I Want To Believe in the Resilience of American Democracy

Thoughts on the 20th Anniversary of 9/11

It will soon be 20 years since that day. That day, Sept. 11, 2001, when two airliners were hijacked by terrorists and crashed into the World Trade Center in New York. To help refresh our memory of that time, I would like to review a few keywords from my notes.

First, there were people who referred to the attacks as the “second Pearl Harbor.” This is an analogy: On a clear morning, a sudden tragedy changed the course of history. However, this was not Hawaii, far from the mainland, but America’s economic heart, Manhattan, which was attacked. For better or for worse, the memory of Pearl Harbor has faded since 9/11. December of this year will mark the 80th anniversary of that attack, but it is unlikely that much attention will be paid to its commemoration.

The Economist referred to 9/11 as “the day that changed everything.” Certainly, when as much as happened on 9/11 happens in one day, it is hard to believe that things could go on without changing.

In America, structural reform to prevent terrorism was carried out, including the establishment of the Department of Homeland Security. Intelligence activities were reviewed, and government surveillance of its citizens’ everyday lives was strengthened. For us, too, there was change. That it became such a fuss to board a plane was, of course, because awareness of “security” in every possible environment became the norm.

Another phrase I often heard was “clash of civilizations.” There were numerous optimistic theories in the 1990s. The Cold War had ended, and peace would visit the world. The global economy would keep growing, and the spread of the internet and the IT revolution would change people’s understanding of the world. The power of the individual would expand, the role of the state would contract and multinational corporations and international institutions would come to play a critical role in international affairs.

What occurred instead, however, was a clash of religious and ethnic groups that could not understand each other. Humanity was not as wise as was presumed, and conflict did not end. The role of the state expanded as we became forced to grapple with a number of issues, from aging societies to economic security, climate change and the prevention of pandemics.

The Development of the Internet and the Division It Wrought

The development of the internet certainly brought about numerous new products and services that changed our way of life. However, at the same time, internet spaces have served as a breeding ground for hate speech and conspiracy theories. They have even become a new method for recruiting terrorists. Rather than promoting the increased consciousness of the world’s diversity, the internet has brought about the polarization of public opinion and division. That democracy has a surprising fragility is indeed, one of the lessons of these past 20 years.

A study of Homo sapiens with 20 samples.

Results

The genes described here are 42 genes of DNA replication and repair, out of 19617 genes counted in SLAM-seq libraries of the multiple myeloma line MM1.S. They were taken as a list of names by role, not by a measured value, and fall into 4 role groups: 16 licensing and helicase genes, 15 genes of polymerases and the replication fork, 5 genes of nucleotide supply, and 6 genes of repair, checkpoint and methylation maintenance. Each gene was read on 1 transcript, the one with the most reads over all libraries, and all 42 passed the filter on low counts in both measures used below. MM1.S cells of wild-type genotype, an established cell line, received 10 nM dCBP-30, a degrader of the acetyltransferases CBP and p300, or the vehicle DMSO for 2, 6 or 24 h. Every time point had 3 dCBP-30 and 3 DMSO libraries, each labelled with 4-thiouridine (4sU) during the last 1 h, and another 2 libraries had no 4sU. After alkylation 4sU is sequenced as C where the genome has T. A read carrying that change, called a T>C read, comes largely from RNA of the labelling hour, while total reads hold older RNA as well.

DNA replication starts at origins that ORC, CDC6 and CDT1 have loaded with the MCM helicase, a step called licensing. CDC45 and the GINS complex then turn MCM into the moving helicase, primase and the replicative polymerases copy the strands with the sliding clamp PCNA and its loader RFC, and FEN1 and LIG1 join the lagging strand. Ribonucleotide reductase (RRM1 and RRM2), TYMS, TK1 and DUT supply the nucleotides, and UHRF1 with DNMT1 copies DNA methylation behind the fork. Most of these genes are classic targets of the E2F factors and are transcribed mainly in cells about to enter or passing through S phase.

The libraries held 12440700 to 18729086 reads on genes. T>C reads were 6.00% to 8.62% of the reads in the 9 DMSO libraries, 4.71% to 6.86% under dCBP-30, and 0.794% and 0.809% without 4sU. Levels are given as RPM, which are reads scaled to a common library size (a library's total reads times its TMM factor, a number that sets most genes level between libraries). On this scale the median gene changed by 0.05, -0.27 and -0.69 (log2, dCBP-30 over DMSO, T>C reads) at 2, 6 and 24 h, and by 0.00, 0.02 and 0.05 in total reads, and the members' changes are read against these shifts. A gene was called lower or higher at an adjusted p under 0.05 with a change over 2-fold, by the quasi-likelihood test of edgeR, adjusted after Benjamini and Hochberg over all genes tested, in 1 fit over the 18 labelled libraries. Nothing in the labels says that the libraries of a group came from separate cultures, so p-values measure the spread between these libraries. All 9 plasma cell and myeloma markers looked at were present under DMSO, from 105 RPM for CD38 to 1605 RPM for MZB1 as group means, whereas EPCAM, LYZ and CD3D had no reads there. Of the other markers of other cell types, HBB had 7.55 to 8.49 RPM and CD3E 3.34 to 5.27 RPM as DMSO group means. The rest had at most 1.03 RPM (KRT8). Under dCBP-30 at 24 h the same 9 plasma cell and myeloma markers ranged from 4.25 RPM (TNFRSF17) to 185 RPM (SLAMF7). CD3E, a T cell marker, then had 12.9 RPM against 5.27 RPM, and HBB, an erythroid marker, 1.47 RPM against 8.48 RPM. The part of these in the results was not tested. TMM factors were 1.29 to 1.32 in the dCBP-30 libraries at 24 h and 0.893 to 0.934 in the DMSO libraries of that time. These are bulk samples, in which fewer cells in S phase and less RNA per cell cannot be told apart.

Security experts have explained terrorism as an “asymmetrical threat.” If this were a conflict between two countries, the threat of mass reprisals could serve as a deterrent. In other words, if one is attacked, one must attack back. This is the history of war. However, if one’s adversary is a terrorist network, it becomes unclear against just whom one should retaliate. Therefore, it is hard to completely wipe out the threat.

America first attacked Afghanistan, and then Iraq. As per the oft-quoted words of George F. Kennan, “Democracy fights in anger.”

At the time, the neoconservatives, who were proud of American prosperity, argued that to wipe out terrorism, it would be necessary to democratize the Middle East. On the left, liberal hawks proclaimed that it was necessary to focus on nation-building in failed states like Afghanistan. It may be hard to believe now, but at the time, the American military intervention received bipartisan support.

Ten years later, in May 2011, the leader of the al-Qaida group that planned the 9/11 attacks, Osama bin Laden, was killed by the U.S. Army in Pakistan. This did not, however, end the threat of terrorism. In the Middle East, the Islamic State Sunni radical Islamist group, which is even more brutal than al-Qaida, emerged.

In spite of this, America withdrew from Afghanistan at the end of last month. As if to abandon all it had worked for, it ended 20 years of fighting in what was the longest war in American history.

With an End to Arrogance, a Fresh Start

Afghanistan has once again fallen into the hands of the Taliban. There are concerns that it may once again become a failed state, and a hotbed of terrorism. Despite this, I think President Joe Biden’s decision was the correct one. To make a fresh start, he had to put an end to the arrogance of the past.

Twenty years on from the 9/11 attacks, I am reminded of the words of James Bryce. While future Japanese Prime Minister Kijūrō Shidehara was serving as counselor to the Japanese Embassy in Washington, he became friends with Bryce, the British ambassador to the United States. Bryce offered the following advice to Shidehara, who was struggling to improve Japanese American relations:

“If we review American history, we can see that there are many examples where America has committed what could be considered wrongdoings against other countries. However, America has always corrected these mistakes of its own volition. It does not yield to the pressure of even fierce foreign public opinion.”

I would like to believe that, even now, American democracy possesses that kind of resilience.

Max has a degree in Japanese studies from University of Edinburgh. His research is focused on Japanese internet politics and media studies. He also has a deep interest in Japanese linguistics, and specifically, the Japanese writing system.